If you’re looking for nostalgia, go play the classics.
Growing up, I played a lot of Dig Dug II: Trouble in Paradise for the NES. I also played a fair amount of the original Dig Dug, but not as much. Dig Dug Digging Strike plays as some sort of twisted combination of those two games.
A series of islands has been invaded by various monsters and it’s up to you to play exterminator. The top screen of the DS shows an overhead view of the island, while the lower screen displays an internal cross section of the island. For whatever reason, these islands have large stakes in the ground. These stakes are the key to removing the monsters. By entering holes in the ground up top, you can go below and dig out the area underneath the stakes to drive them deeper. Driving the stakes all the way into the ground will crack the island (similar to using the jackhammer in Dig Dug II), and if you manage to crack off an entire section of the island it will sink into the ocean. Unlike Dig Dug, the ultimate goal of this game isn’t to kill off all the monsters, but rather to sink off a portion of the island that contains the large monster. You’ll also have to make sure you’re not on the sinking portion, otherwise it’ll be game over. If you sink off all the portions of the island possible without taking out the big monster, you’ll have to restart the stage, adding another element of strategy to the game.
While underground, gameplay is almost exactly like classic Dig Dug. It’s set on a 2D field and looks identical to the original. Smaller monsters are wandering all over the place. You’ll have to deal with them while simultaneously clearing out ground below the stakes. They’re initially trapped in small sections of the level, but can be freed if you open their section up. They can also go invisible and move through solid areas of the map, reforming in open spots. To aid you in your mission is an air pump. You can shoot out a hose and attach it to a monster to inflate and blow it up, just like classic Dig Dug. There are also various power-ups to help you out, making it easier to take out the monsters. There are even some power-ups that let you fly over the island Galaga style, shooting downwards or dropping bombs on the baddies. Most of the action takes place underground, and you’ll only go above to move between digging holes or fly over the island to shoot down enemies.
So, with all this classic gameplay, the obvious assumption is that Dig Dug DS is an old-school gamer’s dream come true. That, however, is not the case. Instead, it serves only to remind you of the good times you had with the classic Dig Dug games, and make you wish you were playing those instead. The controls are marred with inaccuracy. Precise movement, which should be very easy based on the simple gameplay mechanics, is amazingly frustrating. Changing direction is an exercise in frustration. You can only move horizontally or vertically in certain areas of the map. Imagine the level is divided into rows and columns. You can only move while inside a row or column. However, while moving forward or backward you can stop in the small areas of the map that are between the rows and columns. If you try to turn while in these areas, you will instead keep moving forward until you reach the next row or column. For example, let’s say you are moving across the map from left to right and want to turn up. When you press up to turn, there is a good chance you’ll be doing it while in one of the tiny gaps. So, instead of instantly turning up you will keep moving forward until you are completely in the next column, at which point you will automatically turn and start moving up. This problem, which also exists in the original Dig Dug (most likely due to hardware limitations) spoils the game. It doesn’t seem to be as big of a problem in the original, probably due to the fact that there is less going on without another screen and a ton of new gameplay mechanics, but it’s bothersome nonetheless. It’s understandable that Namco wants to capture as much of the original game as they can, but it seems unreasonable to keep broken gameplay mechanics for the sake of nostalgia.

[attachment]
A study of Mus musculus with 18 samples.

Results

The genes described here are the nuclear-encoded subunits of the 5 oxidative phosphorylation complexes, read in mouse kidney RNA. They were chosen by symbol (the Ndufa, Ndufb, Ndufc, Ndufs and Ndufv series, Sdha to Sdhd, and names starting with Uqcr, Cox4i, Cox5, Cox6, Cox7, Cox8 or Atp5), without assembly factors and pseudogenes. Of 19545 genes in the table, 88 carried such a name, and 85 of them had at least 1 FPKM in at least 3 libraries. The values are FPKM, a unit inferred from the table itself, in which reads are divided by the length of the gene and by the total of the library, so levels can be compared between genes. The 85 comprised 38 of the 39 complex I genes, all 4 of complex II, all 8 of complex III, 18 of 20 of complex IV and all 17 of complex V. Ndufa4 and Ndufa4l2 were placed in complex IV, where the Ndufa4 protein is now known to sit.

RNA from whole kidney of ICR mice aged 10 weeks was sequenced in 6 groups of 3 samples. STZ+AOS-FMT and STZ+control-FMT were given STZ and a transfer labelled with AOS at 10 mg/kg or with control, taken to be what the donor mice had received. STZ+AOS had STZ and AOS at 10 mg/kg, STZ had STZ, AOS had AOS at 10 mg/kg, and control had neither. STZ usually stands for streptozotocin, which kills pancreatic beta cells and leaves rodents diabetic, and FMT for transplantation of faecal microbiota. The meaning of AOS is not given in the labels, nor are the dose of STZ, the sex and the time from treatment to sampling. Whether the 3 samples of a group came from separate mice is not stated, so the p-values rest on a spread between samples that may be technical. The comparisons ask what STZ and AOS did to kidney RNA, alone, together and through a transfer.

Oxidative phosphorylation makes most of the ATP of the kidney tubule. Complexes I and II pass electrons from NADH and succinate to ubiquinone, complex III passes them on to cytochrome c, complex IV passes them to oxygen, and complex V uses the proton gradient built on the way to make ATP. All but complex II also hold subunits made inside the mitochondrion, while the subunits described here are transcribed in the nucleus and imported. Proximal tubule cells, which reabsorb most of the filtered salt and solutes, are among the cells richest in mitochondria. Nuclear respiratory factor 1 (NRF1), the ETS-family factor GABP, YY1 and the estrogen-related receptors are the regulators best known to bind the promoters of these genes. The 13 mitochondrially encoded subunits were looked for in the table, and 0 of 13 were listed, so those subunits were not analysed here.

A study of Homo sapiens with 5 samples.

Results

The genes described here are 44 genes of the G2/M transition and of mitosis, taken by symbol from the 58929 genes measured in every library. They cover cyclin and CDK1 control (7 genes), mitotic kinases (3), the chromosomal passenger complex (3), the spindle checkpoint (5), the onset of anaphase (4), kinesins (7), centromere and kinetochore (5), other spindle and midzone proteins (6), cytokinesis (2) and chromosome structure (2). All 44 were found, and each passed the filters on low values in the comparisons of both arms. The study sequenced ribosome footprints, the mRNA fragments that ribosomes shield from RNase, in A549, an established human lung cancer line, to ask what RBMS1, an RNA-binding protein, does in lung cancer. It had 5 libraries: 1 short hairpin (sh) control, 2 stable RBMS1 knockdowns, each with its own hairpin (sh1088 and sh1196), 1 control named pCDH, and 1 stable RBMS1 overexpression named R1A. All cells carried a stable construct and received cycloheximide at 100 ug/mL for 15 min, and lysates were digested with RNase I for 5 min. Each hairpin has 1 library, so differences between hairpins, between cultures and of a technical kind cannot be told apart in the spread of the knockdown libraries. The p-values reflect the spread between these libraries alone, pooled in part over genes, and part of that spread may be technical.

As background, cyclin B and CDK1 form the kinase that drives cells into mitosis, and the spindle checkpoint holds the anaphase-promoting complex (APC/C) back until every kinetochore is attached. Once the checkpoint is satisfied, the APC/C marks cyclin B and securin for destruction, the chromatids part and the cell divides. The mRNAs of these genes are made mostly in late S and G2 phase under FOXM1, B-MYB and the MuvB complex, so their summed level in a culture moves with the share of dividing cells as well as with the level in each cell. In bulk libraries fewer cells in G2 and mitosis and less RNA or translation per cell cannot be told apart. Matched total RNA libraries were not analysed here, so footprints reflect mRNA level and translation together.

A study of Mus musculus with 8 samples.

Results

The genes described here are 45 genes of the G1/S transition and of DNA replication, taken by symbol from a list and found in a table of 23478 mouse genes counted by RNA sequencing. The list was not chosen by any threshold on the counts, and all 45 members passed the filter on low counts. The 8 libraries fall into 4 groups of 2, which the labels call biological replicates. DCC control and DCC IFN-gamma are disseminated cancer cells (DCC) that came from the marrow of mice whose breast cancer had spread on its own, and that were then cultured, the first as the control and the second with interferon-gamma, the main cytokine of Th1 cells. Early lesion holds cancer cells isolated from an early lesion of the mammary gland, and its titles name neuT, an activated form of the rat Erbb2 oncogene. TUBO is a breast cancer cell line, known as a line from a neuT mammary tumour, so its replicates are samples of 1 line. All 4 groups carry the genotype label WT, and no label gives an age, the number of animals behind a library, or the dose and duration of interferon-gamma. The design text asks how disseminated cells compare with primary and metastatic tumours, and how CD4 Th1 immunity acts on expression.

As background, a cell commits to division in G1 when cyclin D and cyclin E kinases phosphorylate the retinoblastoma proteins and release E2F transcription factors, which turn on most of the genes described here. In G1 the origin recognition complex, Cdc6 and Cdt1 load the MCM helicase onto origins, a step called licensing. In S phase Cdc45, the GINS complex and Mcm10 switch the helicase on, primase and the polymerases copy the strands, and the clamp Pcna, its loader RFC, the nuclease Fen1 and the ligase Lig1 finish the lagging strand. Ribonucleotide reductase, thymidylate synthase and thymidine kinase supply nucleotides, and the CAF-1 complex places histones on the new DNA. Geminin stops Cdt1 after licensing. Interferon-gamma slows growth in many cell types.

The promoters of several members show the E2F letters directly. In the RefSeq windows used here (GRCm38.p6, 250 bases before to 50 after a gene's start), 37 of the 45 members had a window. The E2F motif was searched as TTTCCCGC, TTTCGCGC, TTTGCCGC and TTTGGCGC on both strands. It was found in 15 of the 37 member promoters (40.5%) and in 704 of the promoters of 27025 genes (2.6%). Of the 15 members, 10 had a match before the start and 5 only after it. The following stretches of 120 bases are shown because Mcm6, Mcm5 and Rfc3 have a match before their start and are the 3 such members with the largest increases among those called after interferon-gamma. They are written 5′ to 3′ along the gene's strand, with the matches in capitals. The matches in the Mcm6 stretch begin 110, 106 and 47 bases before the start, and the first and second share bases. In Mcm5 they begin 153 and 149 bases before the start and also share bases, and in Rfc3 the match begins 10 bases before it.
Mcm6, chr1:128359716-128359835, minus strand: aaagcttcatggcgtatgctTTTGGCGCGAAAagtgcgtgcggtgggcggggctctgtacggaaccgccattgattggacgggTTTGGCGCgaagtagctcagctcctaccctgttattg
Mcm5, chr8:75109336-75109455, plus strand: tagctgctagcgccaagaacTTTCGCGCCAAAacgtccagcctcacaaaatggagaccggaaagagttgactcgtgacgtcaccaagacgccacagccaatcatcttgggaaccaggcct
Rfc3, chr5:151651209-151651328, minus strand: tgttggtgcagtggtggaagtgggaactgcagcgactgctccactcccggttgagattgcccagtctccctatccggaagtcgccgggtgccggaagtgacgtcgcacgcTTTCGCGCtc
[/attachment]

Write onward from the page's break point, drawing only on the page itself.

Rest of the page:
It’s a real shame that this classic game keeps too true to its roots. If the movement problem were fixed, which is most likely very possible, Dig Dug Digging Strike would probably be a lot of fun. As it stands though, the fun has been sucked out of the game, and instead it is very frustrating to play. Also, while Dig Dug is replicated (too) flawlessly, Dig Dug II’s island-dropping mechanic has been co-opted and mixed into the original Dig Dug’s gameplay. As a result, it shares little in common with, and is far less fun than its second progenitor. In short, if you’re looking to play classic Dig Dug or Dig Dug II, you’d be better off playing the originals on their own.